Monday, March 30, 2009

The Few, the Proud . . . the TOAD WATCH!


Last night I joined Marianne on toad patrol. Every spring, when the weather starts to get warm, you see, a young toad's fancy lightly turns to thoughts of love. Unfortunately for local toads, the path to their mating territory at the old Roxborough Reservoir requires them to cross a road which has been increasingly busy of recent years, resulting in a real-life version of Frogger. As a result, the local toad population has been crashing.

So every night while the season is on, the road is closed and Marianne and her brave compeers go out to find the small creatures and usher them safely across. Alas, the road cannot be completely closed to cars (there are people who live on it), and so a significant fraction don't make it across. But the carnage is greatly reduced.

It's fun, in a weird way.

And what have I learned from the experience? It helps to bring along a thermos of something hot to drink and (if you end up standing at the barricades, turning away cars) something to read.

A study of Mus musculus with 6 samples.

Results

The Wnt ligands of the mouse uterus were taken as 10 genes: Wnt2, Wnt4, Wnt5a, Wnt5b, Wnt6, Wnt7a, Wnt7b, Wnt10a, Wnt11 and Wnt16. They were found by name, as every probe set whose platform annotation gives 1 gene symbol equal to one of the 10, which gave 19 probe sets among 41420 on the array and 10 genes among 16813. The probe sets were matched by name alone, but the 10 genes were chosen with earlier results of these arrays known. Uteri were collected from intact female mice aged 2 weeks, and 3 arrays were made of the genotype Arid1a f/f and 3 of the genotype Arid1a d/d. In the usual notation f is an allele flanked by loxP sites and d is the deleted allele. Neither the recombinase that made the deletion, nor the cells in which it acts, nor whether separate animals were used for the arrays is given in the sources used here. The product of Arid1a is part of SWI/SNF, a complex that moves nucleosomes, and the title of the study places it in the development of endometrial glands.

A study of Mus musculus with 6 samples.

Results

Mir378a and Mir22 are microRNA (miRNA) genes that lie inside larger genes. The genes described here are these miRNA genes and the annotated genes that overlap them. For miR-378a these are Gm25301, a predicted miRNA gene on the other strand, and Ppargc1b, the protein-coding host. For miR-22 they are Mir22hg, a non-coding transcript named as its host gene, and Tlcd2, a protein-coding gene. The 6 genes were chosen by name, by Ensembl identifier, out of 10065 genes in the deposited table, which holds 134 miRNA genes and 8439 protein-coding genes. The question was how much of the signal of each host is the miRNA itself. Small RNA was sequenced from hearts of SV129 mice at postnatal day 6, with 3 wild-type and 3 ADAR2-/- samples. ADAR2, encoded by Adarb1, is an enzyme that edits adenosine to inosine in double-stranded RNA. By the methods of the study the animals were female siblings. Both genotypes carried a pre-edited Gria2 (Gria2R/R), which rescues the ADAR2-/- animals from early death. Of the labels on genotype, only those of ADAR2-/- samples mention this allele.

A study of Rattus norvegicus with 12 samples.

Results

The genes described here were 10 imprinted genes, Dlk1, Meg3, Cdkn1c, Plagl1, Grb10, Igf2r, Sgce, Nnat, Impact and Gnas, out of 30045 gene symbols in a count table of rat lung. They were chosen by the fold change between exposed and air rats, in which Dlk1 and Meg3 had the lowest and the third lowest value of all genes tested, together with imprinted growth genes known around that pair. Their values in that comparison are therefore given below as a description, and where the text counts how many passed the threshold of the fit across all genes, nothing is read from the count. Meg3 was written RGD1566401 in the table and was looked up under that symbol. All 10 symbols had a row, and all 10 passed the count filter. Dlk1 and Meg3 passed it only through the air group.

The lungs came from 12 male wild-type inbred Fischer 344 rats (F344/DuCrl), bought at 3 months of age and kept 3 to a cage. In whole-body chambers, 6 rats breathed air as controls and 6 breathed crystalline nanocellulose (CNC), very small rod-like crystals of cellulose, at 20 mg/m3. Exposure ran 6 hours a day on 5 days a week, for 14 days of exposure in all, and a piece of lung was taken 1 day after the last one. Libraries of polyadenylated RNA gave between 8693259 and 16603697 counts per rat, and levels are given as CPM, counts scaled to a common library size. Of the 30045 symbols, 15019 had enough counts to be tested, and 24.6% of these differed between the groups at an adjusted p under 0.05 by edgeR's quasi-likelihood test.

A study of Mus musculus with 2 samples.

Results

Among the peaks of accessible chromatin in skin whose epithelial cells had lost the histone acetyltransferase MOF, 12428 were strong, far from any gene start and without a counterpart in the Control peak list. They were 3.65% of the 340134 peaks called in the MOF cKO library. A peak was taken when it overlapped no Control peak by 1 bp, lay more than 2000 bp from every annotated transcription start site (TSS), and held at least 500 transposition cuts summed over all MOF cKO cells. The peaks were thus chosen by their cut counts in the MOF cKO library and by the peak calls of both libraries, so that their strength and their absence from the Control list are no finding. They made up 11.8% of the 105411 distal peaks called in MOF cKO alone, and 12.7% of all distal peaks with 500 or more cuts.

Oh, and incidentally . . .

There's a lot going on these days, so I think I'm going to be blogging daily this week. This isn't a change of guaranteed frequency, though. That's still Monday and Friday.



Алексей said...

Dear Michael,

I'm gald to see you're alive and well. Best wishes to you, Marianne and Sean.

Congratulation with your new Hugo nomination! I hope, you'll win, you really deserve it.

As for the above subject, as far as I know, in some countries they do special underground crossing for animals to cross busy highways.

Is itpossible to do something like that in your place?


Michael Swanwick said...

It's good to hear from you, Alexei.

Not a chance of creating underground crossings, though. It would be extremely expensive and the toads are only locally endangered.

This way is not only cheap, but it creates a good sense of community. Even the people who aren't part of it, who we turn away at the barricades are aware of what's going on and support it.

This is the first year. I'm sure it's going to be an annual event.

Lars said...

An admirable act of corporal mercy.

Also, the vests are to die for.

We have a similar operation for long-toed salamanders down in Waterton.